After three months of negotiations, it appears the city and Washington State Ferries are nearing a decision involving a 15-year-old memorandum of agreement (MOA) between the two.
The two options keep being tweaked by WSF and were likely defined even more when the two sides met late yesterday on Bainbridge Island.
David Moseley, WSF’s chief as assistant secretar for the state Department of Transportation, upped the ante a bit this week when ge altered the “water-related only” condition tied to the state’s $2 million offer to the city to drop its claim on an acre of land in the WSF maintenance facility in Eagle Harbor. The latest proposition is $2 million with no strings attached.
“I was surpised to receive that latest offer,” said Councilor Barry Peters. “Our next policy decision is, where to go with it?”
The other option for the city is WSF’s proposal to lease to the city just less than an acre of land located on the west side of the maintenance yard.
Proponents of the land lease have argued that the option is unrealistic because of the land’s narrow configuration, lack of access to water via a pier or boat ramp, and WSF’s reluctance to let a haul-out operator use an available travel lift.
Other problems include WSF’s insistence that only the city can lease the property, ruling out a sublease to a boatyard operator, the length of the lease and the cost of the lease. Moseley’s latest letter said the state would agree to a 20-year lease.
City Councilor Debbi Lester, who has been an advocate for a haul-out facility for many years, said the council’s ad hoc committee (also consisting of Hilary Franz and Peters) would be addressing many of the problematic issues, including nailing down what the market-rate lease rate would be and the possibility of a performance bond issued to a haul-out operator.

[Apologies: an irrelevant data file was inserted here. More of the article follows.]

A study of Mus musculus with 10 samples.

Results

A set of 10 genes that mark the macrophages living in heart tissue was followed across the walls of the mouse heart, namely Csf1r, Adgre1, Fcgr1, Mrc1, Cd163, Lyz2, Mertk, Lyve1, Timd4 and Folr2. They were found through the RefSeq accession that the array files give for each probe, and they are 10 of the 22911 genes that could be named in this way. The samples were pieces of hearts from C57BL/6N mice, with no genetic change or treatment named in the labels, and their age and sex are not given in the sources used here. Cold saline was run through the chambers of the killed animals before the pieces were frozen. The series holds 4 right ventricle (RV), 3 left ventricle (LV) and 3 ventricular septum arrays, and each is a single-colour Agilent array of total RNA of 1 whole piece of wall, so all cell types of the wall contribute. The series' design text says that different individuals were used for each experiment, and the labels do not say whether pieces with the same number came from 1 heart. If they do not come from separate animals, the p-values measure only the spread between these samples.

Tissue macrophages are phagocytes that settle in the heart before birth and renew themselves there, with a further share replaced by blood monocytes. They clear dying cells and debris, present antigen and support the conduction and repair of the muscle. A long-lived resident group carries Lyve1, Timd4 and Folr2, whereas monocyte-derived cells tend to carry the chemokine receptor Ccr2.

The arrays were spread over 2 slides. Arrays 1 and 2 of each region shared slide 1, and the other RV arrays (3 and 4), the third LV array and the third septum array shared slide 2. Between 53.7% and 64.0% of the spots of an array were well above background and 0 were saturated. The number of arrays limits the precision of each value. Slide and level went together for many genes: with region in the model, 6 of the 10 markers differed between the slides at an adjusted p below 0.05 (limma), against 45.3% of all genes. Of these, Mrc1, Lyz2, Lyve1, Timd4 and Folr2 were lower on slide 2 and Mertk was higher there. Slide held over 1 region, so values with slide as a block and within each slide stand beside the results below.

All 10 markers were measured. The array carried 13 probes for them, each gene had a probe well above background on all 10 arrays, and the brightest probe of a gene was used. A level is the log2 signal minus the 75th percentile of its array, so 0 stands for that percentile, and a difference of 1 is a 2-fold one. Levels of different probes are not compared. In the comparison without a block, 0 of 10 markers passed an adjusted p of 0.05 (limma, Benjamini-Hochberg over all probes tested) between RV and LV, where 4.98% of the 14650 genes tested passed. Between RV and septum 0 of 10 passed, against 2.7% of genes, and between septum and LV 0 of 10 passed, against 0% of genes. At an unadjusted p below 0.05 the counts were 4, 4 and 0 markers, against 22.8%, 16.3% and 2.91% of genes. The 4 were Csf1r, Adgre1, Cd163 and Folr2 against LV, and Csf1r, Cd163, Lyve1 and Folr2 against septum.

Peters, on the other hand, favors using the money option for the purpose of having the water and dock area off Waterfront Park upgraded, featuring a 25-30 boat marina that visitors can use.
Most of the community members who have attended meetings involving the two options overwhelmingly favored the land lease, but WSF’s restrictions have made that alternative impractical.
While most council members may agree that at least some of the WSF money should be used for water-related purpose, at least one council member said the $2 million would help pay some of the city bills, including $1.9 million owed Cashmere Bank. The loan was used to finish the sewer treatment plant upgrade.
But Peters believes the council’s movement toward more fiscal responsibility means that the WSF money doesn’t have to end up in the general fund.
“It will be the council’s decisions, of course, but I hope we devote a substantial portion of it to a water-based project,” he said. “That’s the source of the money so at least some of it should be used for that purpose.”
The city currently is asking for requests for proposals from the community for waterfront uses for either of the options. The council is expected to make a decision on Dec. 8.